You know that a car seat is essential for keeping your child safe in the car. But not just any car seat will do. Read on for a look at what you should know about car seats.
Car seats are often one of the first items parents add to their baby registry when they’re expecting. And for good reason — they’re vitally important.
Car accidents are the leading cause of death among children, but car seats reduce the risk of injury by up to 82 percent. Car seats help protect kids by keeping them in place when the car swerves, stops suddenly or crashes.
Here’s what you should know about car seats:
Choose carefully. There are four types of car seats (or restraint systems), with each designed for certain stages of development.
The type of car seat your child needs depends on his or her age and weight. In the past, rear-facing car seats were recommended for kids up to age 1. The American Academy of Pediatrics now recommends that children remain rear-facing until they are at least 2 — or until they reach the seat’s maximum recommended height/weight.
Rear-facing car seats have a harness that cradles a child in the case of a crash. This helps reduce the stress placed on a little one’s neck and spine. Tennessee state law mandates that children younger than age 1 or who weigh less than 20 pounds must be secured in a rear-facing car seat.
Front-facing car seats also have a harness that helps protect your child, but, as the name indicates, the seat is faced forward. If a child is between the ages of 1 and 3 and weighs more than 20 pounds, Tennessee state law mandates that he or she be secured in either a rear-facing or forward-facing car seat.
Car bed restraint systems should be used for children under 5 pounds or for those with a medical need to lie flat.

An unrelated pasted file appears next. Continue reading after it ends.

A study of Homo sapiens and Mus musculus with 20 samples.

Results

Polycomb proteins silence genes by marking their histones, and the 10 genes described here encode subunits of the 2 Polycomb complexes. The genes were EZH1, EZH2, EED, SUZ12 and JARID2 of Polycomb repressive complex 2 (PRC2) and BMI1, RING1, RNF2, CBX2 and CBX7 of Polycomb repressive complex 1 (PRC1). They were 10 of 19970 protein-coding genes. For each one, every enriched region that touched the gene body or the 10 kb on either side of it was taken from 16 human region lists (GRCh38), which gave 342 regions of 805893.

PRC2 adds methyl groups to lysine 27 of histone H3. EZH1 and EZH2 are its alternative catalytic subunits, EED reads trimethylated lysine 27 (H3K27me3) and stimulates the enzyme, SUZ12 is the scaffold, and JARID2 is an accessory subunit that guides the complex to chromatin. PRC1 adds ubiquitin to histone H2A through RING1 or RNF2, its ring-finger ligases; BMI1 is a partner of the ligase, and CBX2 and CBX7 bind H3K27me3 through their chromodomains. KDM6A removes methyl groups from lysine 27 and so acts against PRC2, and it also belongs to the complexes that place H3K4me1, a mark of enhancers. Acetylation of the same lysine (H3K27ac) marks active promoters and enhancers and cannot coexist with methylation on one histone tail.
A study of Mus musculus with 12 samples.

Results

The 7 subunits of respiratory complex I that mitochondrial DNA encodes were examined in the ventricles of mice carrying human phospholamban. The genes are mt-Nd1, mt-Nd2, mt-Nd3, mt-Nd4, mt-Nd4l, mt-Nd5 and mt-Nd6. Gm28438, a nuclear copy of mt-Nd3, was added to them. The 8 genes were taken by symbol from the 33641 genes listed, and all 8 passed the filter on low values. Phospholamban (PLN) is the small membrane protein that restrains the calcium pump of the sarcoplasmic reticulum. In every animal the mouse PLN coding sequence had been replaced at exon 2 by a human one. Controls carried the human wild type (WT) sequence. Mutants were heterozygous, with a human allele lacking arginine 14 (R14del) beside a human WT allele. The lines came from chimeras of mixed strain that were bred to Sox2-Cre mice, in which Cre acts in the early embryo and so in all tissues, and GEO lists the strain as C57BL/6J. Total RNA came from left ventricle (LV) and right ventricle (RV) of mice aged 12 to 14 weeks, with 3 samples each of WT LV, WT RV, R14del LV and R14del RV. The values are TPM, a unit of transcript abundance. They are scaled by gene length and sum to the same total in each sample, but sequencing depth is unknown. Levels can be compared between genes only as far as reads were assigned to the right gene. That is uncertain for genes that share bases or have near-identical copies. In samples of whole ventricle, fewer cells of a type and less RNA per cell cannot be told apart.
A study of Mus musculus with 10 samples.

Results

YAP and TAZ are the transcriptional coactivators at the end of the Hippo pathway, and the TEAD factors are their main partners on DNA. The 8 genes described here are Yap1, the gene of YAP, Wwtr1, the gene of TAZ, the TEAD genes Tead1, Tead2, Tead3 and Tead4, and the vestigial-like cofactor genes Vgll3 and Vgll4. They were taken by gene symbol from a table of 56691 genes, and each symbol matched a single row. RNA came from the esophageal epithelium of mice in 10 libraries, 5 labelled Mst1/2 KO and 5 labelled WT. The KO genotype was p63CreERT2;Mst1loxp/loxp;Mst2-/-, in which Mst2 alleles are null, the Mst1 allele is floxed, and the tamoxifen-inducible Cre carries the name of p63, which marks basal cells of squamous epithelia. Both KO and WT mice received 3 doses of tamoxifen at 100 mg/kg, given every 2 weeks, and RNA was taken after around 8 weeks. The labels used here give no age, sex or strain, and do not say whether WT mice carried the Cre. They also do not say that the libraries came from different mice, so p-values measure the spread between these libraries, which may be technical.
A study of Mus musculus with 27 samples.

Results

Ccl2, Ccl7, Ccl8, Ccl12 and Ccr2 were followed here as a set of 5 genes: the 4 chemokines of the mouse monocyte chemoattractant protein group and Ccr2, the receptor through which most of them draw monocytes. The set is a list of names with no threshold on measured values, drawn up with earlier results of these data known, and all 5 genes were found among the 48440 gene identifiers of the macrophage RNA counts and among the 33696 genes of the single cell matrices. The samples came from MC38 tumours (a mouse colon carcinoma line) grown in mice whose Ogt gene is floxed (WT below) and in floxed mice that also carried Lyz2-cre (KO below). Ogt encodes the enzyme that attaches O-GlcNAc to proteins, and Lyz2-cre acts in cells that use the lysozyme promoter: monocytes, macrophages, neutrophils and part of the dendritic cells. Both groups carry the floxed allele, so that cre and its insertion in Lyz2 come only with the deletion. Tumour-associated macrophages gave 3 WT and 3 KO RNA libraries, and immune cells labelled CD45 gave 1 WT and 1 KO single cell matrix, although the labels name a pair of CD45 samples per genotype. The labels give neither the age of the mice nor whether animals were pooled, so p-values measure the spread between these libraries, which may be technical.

Booster seats consist of a seat that boosts your child’s height so that the seat belt fits properly. Tennessee state law mandates that children ages 4 to 8 or who are shorter than 4’9” must be secured in a booster seat.
Seat belts are recommended as a restraint once a child has outgrown a booster seat. Under Tennessee state law, children ages 9 to 12 and 4’9” or taller must be restrained by a seat belt.
No matter the type of restraint system, Tennessee state law mandates that all children be seated in the back seat, if available.
Once you’ve chosen a car seat, ensure it’s installed correctly. The best way to do this? Work with a car seat inspector, which can typically be found through police and fire departments, health departments, and hospitals.
Use properly. For starters, don’t use a car seat that’s too old, has visible cracks, was recalled or is missing parts. Make sure that the seat you’re using has a label on it that identifies when it was manufactured and the model number.
There’s one factor for car seat safety that many parents don’t consider. During the winter, children are often bundled up to fend off the cold. But it’s vitally important that they not wear their coats while in a car seat. When a child is wearing extra layers of clothing, the straps of the car seat will likely be too loose to properly restrain him or her.
Instead of putting your child in a coat while in the car, strap your little one in the car seat without the coat. Once your child is secured, you can place the coat or a blanket on top of the seat for extra warmth.